FICO (FICO), the leading provider of predictive analytics and decision management technology, today released data from the FICO® Falcon® Fraud Manager Consortium showing a continuing shift towards online, mail-order and telephone-order fraud versus counterfeit fraud over the same period.
In its analysis of losses for credit cards from January 2010 to September 2011, FICO found that card-not-present fraud losses increased at twice the rate of counterfeit card losses.
Though Internet, mail and telephone fraud accounted for the highest total fraud loss and fraud volume, counterfeit fraud has higher average loss per compromised account. The expected introduction of EMV technology in the US promises to boost protection against counterfeit losses. FICO released data in January on European credit cards that showed a 60 percent decline in counterfeit fraud, due in large part to the implementation of chip and pin technology in the United Kingdom.
Regarding debit cards, FICO's analysis shows usage increasing sharply over the period of the analysis, with a 15 percent increase in overall authorization volume (more people are using debit cards), and an increase in techniques such as skimming, where a criminal installs a device at an ATM or self-checkout aisle at a grocery store to collect personal data, like debit card numbers and PINs, remotely. The top three sources for debit card fraud were ATMs, grocery stores followed by automated fuel dispensers. Top merchant categories for credit card fraud were grocery stores, restaurants and online retailers.
"Continued improvements in fraud controls have succeeded in keeping the fraud genie in the bottle; but fraud fraudsters continue to evolve their attempts to circumvent our efforts, adapting to consumer behavior and simply following the money," said Doug Clare, vice president of Product Management at FICO. "More online shopping has created a shift towards more online fraud, which is proving to be a popular, relatively safe and anonymous means for fraudsters to exploit any weakness in fraud systems. Consumers and issuers should remain diligent when using cards for point of sale and ATM transactions."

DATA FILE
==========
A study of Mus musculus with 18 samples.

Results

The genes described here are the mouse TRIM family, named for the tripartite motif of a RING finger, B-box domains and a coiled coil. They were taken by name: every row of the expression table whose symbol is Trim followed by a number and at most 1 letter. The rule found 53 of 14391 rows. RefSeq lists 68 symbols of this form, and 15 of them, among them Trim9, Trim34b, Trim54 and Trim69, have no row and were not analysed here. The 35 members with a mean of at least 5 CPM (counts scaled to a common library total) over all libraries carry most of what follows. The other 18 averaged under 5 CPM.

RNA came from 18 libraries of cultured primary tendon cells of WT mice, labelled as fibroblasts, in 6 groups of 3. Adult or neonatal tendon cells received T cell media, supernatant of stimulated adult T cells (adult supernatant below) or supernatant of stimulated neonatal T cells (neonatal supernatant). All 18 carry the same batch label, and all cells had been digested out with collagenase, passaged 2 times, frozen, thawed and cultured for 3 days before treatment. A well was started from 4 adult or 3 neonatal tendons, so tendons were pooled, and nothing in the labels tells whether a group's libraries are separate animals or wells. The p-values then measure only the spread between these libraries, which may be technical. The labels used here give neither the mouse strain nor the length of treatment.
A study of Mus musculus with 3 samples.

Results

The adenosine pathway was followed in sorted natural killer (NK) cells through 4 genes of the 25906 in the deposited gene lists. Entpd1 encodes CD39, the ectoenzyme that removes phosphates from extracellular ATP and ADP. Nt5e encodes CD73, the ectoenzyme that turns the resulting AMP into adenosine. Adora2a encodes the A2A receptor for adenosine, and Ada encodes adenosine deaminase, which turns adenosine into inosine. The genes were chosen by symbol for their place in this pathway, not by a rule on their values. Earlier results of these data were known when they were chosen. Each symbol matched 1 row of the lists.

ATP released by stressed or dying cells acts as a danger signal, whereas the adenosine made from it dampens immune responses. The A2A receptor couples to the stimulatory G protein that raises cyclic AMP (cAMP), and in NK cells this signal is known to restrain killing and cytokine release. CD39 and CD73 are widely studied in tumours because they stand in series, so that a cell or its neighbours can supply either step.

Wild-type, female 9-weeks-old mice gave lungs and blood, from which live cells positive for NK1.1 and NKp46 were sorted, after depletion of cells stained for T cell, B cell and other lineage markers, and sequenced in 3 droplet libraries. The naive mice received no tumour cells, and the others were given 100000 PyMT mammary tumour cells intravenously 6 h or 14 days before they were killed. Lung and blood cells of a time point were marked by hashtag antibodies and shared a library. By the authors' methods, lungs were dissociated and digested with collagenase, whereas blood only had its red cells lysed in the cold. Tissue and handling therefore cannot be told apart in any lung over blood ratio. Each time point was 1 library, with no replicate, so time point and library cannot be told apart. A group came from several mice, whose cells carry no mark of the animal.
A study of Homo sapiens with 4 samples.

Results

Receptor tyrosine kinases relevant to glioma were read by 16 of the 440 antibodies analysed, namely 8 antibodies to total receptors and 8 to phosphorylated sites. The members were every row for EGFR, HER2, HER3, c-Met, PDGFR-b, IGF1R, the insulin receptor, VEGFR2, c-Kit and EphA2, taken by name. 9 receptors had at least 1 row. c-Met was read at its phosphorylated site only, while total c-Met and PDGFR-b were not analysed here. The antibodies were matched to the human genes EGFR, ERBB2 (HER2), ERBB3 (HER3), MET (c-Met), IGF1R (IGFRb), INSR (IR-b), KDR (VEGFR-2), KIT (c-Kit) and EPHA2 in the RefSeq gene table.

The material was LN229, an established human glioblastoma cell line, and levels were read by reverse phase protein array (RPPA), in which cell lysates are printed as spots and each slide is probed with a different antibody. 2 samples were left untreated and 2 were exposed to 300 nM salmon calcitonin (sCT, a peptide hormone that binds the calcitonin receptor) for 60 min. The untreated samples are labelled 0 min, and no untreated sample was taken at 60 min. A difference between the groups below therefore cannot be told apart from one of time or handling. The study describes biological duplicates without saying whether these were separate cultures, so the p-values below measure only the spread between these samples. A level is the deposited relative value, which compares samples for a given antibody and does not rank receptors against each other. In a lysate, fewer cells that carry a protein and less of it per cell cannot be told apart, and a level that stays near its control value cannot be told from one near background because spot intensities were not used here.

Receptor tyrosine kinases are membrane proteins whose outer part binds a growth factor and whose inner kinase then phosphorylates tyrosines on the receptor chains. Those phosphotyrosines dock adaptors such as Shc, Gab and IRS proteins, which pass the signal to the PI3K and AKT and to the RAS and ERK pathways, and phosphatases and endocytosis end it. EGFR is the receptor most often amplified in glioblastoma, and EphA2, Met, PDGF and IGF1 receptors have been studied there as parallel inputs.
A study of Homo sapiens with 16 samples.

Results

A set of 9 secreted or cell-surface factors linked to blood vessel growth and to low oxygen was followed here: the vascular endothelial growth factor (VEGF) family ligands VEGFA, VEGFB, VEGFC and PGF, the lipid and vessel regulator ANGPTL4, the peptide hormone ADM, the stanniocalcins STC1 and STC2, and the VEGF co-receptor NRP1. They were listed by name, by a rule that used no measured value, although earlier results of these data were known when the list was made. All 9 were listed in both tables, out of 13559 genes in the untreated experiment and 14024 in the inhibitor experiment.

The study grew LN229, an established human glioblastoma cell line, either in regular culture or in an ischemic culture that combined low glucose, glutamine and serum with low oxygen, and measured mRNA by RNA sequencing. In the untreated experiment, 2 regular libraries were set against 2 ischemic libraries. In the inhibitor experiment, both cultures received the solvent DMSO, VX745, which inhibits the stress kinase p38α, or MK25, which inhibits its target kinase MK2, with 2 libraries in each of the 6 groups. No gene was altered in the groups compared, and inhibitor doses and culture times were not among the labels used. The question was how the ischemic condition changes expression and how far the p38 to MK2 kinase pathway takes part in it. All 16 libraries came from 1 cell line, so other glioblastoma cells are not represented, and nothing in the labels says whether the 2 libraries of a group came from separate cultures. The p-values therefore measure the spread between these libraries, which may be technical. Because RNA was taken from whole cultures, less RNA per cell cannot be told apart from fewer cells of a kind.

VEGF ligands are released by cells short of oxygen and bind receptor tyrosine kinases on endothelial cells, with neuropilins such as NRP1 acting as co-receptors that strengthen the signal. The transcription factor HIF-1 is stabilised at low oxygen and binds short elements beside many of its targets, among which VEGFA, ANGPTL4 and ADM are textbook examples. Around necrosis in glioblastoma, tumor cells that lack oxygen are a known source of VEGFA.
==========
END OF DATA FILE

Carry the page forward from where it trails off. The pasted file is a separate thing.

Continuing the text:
Clare continued, "It's worth noting that in the period that we studied, only about 1 percent of debit and credit cards were affected by fraud, which speaks to the strength of FICO Falcon Fraud Manager, which protects more than 2.5 billion payment cards worldwide. By historical standards, losses remain low."
The data in the FICO Falcon Fraud Manager consortium represents hundreds of millions of active credit cards and debit cards issued in the US. FICO analyzed its FICO Falcon Fraud Manager consortium to develop the most recent US analytic models for FICO® Falcon® Fraud Manager. These models are now available for FICO clients, and show a marked increase in predictive power compared to previous models.